Most Popular Articles, 2015
In compiling a top-10 list of the year’s most popular articles on American Scientist, we decided to look at what you—our readers—have been searching for, not only among our most recent issues but in our archives as well. So here are the most popular articles on our website for 2015.
New evidence points to an alternative explanation for a civilization’s collapse. (September–October 2006 by Terry Hunt)
A window on data can be a window on discovery.
(July–August 2009 by Howard Wainer and Shaun Lysen)
Data-dependent analysis—a “garden of forking paths”—explains why many statistically significant comparisons don’t hold up.
(November–December 2014 by Andrew Gelman and Eric Loken)
Untangling this constant from Le Gran K could provide a new definition of the gram.
(November–December 2014 by Ronald Fox and Theodore Hill)
These ambling, eight-legged microscopic “bears of the moss” are cute, ubiquitous, all but indestructible, and a model organism for teaching science.
(September–October 2011 by William R. Miller)
Few remember the man who discovered the “molecule of life” three-quarters of a century before Watson and Crick revealed its structure.
(July–August 2008 by Ralf Dahm)
Three communities in the world of computation are bound together by common interests but set apart by distinctly different aims and agendas.
(January–February 2015 by Brian Hayes)
At one time or another, most of us have proved empirically, and painfully, the old mother’s tale that it’s possible to get sunburned on a cloudy day.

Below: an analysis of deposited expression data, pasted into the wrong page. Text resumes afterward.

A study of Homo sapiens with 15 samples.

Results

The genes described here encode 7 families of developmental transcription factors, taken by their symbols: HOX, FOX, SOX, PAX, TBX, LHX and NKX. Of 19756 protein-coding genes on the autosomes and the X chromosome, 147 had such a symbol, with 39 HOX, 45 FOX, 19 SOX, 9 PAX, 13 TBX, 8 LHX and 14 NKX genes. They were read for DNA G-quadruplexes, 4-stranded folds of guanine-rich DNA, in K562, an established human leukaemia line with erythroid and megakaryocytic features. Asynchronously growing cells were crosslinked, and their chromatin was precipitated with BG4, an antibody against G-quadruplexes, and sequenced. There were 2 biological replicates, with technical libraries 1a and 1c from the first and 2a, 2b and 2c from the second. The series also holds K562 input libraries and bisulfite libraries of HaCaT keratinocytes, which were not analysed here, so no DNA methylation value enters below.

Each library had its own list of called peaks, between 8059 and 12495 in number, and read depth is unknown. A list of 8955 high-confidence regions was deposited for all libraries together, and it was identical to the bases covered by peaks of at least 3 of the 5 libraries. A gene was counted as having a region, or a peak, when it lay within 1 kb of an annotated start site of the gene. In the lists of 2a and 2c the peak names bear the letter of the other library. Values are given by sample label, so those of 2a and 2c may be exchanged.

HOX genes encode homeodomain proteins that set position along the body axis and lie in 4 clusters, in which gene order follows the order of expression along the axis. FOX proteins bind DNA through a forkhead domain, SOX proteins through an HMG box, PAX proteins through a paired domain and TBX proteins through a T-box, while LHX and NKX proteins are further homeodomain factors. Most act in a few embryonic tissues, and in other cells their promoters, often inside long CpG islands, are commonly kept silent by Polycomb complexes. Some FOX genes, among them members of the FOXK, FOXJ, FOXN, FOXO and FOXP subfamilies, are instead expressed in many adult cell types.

(May–June 2006 by David Schoonmaker)
If the reader is to grasp what the writer means, the writer must understand what the reader needs.
(November–December 1990 by George Gopen and Judith Swan)
Having babies isn’t easy—and the standard explanation may be wrong.
(November–December 2013 by Pat Shipman)
The past year has delivered an array of STEM-related titles for kids. Our second gift guide for 2016 features books we think older children will thoroughly enjoy.
Aug 12, 2016
As more trained scientists leave traditional career paths, the distinction between scientist and nonscientist blurs.
Feb 5, 2016
Archaeologist and anthropologist Todd Surovell, freshly back from fieldwork in Mongolia, uses artifacts to understand why people choose certain locations to do various behaviors. In this Q&A, he talks about how his work is informed by observations of existing hunter-gatherers in order to determine how people decide where to do what they do, and how such decisions may be manifested spatially in the archaeological record.